GROUND rents will be banned for new-build leasehold homes saving owners from spiralling costs.
Plans were revealed in the Queen's Speech today, where Her Majesty announced a range of government plans to help homeowners and buyers.
The Queen's Speech marks the official opening of Parliament and sets out the government's agenda for the next 12 months.
Measures to end the practice of ground rents for new leasehold properties will be put into law.
The Queen's Speech also laid out further plans to tackle housing and other issues, including:
- Stronger rights for renters with a plan for "lifetime" deposits
- Modernisation of the planning system and greater building safety regulations
- Student loans for 4 years at any age to retrain or get a degree
- A fresh crackdown on junk food as government pledges war on obesity
- Fines for Facebook and Google if hate stays online
- A ban on gay conversion therapy
New rules will effectively "set future ground rents to zero” in England and Wales.
A leasehold is where a homeowner buys the right to live in the property for a number of years, but doesn't actually own the land the property sits on.
Owners of homes that are leasehold pay a ground rent to the landowner, known as the freeholder.
There is no limit on the amount freeholders can charge in ground rent.
What if I want to buy a leasehold, what should I look out for?
ANDREW Johnson, money expert at Money Advice Service has some tips on what to consider before buying a leasehold.
- Check how many years are left on the lease? You may struggle to get a mortgage on a leasehold property which has less than 70 years to run. A short lease will be a lot more expensive to extend.
- Ask about the cost of extending your lease now if this might be an issue in the future. You don’t want anything that could impact your properties saleability in the future.
- Ask how much the ground rent is? This may be a relatively small amount now but beware escalating ground rents which have seen substantial figures payable at the end of the term of the lease. This could negatively impact your ability to sell your property in the future.
- Ask about service charges and other related costs? This generally covers repairs or maintenance to the property including buildings insurance. This can be several hundred or several thousands pounds, so consider how you will budget for these costs and the impact of any future increases.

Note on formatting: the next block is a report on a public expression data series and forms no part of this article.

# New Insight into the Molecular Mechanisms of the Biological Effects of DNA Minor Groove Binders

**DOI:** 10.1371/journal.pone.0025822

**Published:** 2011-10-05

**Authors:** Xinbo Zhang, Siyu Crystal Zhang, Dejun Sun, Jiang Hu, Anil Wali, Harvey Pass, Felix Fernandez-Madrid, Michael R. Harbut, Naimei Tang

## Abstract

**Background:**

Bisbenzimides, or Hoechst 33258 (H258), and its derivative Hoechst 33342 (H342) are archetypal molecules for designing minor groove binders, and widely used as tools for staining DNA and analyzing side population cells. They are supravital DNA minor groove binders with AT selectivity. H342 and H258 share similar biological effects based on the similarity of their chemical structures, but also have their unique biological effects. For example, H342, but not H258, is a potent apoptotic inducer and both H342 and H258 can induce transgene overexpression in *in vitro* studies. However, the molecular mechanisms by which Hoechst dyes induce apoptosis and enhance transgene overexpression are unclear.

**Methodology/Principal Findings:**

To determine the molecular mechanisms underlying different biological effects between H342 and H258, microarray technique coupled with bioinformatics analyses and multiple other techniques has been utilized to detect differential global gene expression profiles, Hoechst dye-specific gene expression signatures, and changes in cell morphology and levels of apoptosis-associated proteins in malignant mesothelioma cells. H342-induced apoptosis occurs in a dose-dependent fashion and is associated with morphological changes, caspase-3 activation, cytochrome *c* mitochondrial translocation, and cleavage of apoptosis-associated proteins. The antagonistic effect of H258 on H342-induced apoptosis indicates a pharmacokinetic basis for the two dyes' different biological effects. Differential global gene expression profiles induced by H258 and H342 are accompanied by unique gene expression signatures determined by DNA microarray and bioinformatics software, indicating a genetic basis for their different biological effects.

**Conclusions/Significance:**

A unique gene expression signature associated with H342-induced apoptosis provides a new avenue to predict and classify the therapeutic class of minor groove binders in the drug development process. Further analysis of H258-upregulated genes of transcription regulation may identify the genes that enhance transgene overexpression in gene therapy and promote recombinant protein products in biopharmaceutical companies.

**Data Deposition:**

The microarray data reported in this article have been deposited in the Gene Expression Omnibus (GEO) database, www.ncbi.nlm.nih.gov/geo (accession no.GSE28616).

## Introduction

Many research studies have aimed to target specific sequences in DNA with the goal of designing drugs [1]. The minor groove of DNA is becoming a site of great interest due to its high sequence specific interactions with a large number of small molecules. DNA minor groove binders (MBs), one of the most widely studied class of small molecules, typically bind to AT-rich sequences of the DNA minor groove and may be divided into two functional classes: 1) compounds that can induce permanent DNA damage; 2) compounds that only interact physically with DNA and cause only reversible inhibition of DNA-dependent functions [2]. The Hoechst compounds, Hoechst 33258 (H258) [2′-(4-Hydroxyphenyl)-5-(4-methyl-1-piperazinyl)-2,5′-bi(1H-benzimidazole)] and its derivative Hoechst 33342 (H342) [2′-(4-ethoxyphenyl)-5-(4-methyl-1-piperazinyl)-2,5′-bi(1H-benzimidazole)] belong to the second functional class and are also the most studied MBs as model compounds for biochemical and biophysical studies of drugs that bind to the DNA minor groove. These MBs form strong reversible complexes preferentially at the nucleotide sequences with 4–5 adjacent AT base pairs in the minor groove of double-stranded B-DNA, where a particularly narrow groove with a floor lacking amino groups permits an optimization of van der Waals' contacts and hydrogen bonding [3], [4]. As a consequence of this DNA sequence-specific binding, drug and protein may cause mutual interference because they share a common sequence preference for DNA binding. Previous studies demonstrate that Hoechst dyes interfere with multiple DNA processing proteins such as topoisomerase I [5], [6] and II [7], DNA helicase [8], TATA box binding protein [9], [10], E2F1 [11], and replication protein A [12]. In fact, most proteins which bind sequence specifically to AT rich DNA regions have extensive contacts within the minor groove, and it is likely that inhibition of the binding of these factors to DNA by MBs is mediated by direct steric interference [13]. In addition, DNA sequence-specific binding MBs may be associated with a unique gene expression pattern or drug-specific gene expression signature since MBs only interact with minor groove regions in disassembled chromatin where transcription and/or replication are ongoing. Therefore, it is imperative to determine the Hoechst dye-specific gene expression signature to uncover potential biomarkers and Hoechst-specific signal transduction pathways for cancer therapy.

Many leaseholders of new build homes have been caught out by ground rents that quickly jump in costs, sometimes by thousands of pounds.
Some clauses even state that the ground rent can double every decade.
Such clauses have prevented some owners from selling up and mortgage lenders refusing to lend on these properties.
One couple who bought a brand new flat for £117,000 from Taylor Wimpey in 2009 didn't know they had a doubling ground rent clause.
This saw their ground rent rise for the first time this year from £250 to £500, and it can double again every 10 years until 50 years has passed, by which point the rent will be a whopping £8,000 a year.
The Competition and Markets Authority (CMA) has also raised concerns about leasehold home owners having been unfairly treated by housebuilders.
Efforts to tackle the problem were first launched by the government in 2017.
At the time, then Communities Secretary Sajid Javid said that home buyers were being exploited with "unfair agreements and spiralling ground rents".
At the start of this year, Housing Secretary Robert Jenrick promised that ground rents would be scrapped for millions.
He has also promised to give leaseholders the right to extend their leases by up to 999 years but this will not be included in the proposed bill on ground rents.
The Leasehold Reform (Group Rents Bill) will also ensure leaseholders can't be charged ground rent for services that are not tangible.
The bill will also impose fines of up to £5,000 on freeholders that break the law by charging ground rent.
Freeholders will also be prevented from demanding ground rent in future.
The government estimates that there are just over 4million flats and new-build homes in England which are leasehold.